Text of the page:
Are you still pondering about starting a business?
You may want to learn about the 4 main structures of Australian business. It is worth checking out details about as it will affect a lot of things like documents required for licensing and tax obligations.
The four main structures of a business are:
Sole traders are individuals legally responsible for all aspects of the business.
In Australia, starting a business as a sole trader is the easiest and relatively most inexpensive way. This is because it requires fewer reporting unlike the other three structures. Also, you can still use your individual Tax File Number for tax returns and it does not require a separate bank account. However, you need to keep your financial records for at least 5 years.
You are also called a business owner and you can actually hire employees. As owner, you are entitled to a pay from the distribution of profit earned and it is not considered as ‘wages’ for your tax purposes. You can also contribute towards your own superannuation.
If you hire other people to work for you, then you are obliged to pay payroll tax, superannuation contributions or worker’s compensation insurance.
It is also very easy to change business structure as your business expands however, if the business fails and occur debts, you are personally liable to everything. Your personal assets may be held to pay for debts.
If you do not like the idea of being liable to everything, then consider starting a company.
A company by definition is “a legal entity separate from its shareholders.”
Building a company is more expensive and complex as it involves higher set up and running costs. Companies need to register with the Australian Securities and Investment Commission (ASIC) and follow the Corporations Act of 2001.In addition; you have to register for goods and services tax (GST) if your annual GST turnover is $75,000 and $150,000 for non-profit organizations.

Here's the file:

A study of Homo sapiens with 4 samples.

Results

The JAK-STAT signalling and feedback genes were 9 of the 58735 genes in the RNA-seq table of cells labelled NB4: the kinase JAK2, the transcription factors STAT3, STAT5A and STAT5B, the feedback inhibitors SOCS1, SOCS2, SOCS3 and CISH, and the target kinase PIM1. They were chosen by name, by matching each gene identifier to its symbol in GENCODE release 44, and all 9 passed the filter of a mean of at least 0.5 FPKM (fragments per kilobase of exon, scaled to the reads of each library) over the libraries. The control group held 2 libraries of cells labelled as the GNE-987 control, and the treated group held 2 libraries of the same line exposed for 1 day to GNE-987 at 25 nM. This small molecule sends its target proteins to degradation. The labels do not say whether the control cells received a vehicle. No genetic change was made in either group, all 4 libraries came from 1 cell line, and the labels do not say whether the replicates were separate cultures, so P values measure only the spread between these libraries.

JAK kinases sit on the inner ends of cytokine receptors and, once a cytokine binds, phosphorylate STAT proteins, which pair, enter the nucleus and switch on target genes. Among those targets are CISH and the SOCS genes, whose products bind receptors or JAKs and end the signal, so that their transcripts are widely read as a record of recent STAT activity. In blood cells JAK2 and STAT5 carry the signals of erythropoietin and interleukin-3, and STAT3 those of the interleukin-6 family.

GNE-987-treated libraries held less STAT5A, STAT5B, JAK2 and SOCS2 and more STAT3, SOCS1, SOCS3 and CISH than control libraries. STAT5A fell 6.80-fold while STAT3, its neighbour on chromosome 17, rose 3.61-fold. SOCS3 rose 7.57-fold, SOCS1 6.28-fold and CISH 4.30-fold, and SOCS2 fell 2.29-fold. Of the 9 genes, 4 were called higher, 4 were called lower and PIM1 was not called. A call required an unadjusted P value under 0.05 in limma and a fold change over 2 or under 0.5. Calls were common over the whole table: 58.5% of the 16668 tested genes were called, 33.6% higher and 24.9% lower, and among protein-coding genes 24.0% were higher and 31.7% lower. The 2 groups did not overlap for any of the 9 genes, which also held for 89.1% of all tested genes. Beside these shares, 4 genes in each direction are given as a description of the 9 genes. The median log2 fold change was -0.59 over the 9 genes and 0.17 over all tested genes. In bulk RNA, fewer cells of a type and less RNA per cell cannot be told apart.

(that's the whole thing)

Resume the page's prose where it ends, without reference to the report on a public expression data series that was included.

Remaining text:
Companies are also required to submit an annual company tax return filed with the Australian Taxation Office (ATO).
As a company, the business is controlled by a director and owned by shareholders. The profit earned belongs to the whole company as well.
Not ready with the idea of turning over control of your business? Or maybe you are not financially ready to set up a company but you want someone to share your vision and responsibilities with, then consider a partnership.
Business partnership is an association of peoples or groups that run a business together but does not belong to a same company.
You can strike a partnership with another sole trader business or with up to 20 more people and share everything with them from liabilities to profit shares as long as your partnership abides the Partnerships Act of 1958.
Partnerships are also relatively easy and low cost. Unlike companies you and your partner(s) have shared control of the business. Also, unlike sole traders, you and your partner share the liabilities that the business may incur. You and all your partners are responsible for each of your own superannuation since you are all owners and not employees. Moreover, your income tax would also come from the share of net partnership income.
On the other hand, you need to set up a separate TFN and you have an option to register for an Australian Business Number (ABN) if you are carrying an enterprise. There is also an annual Partnership tax with ATO and GST registration if your annual turnover reached $75,000.
A trust is a little bit more complicated and expensive than the three others.
It is “a legal obligation imposed on a person – a trustee- to hold property or assets (such as business assets) for the benefit of others, known as beneficiaries.”
A formal trust deed is needed to serve as operation guide. The chosen trustee – an individual or a company- is also required to have a formal administrative task annually.
A trust also needs to have a separate TFN that reflects all income, deduction nd distributions made. It must also have its own ABN and GST. It may also pay superannuation for its employees.
Beneficiaries may be liable to make Pay As You Go (PAYG) installments on each distribution received.
Now that you have an idea about the four business structures in Australia, choose one that best suit your business need.
Learn more about them here.
Good luck on your future endeavors and happy business planning!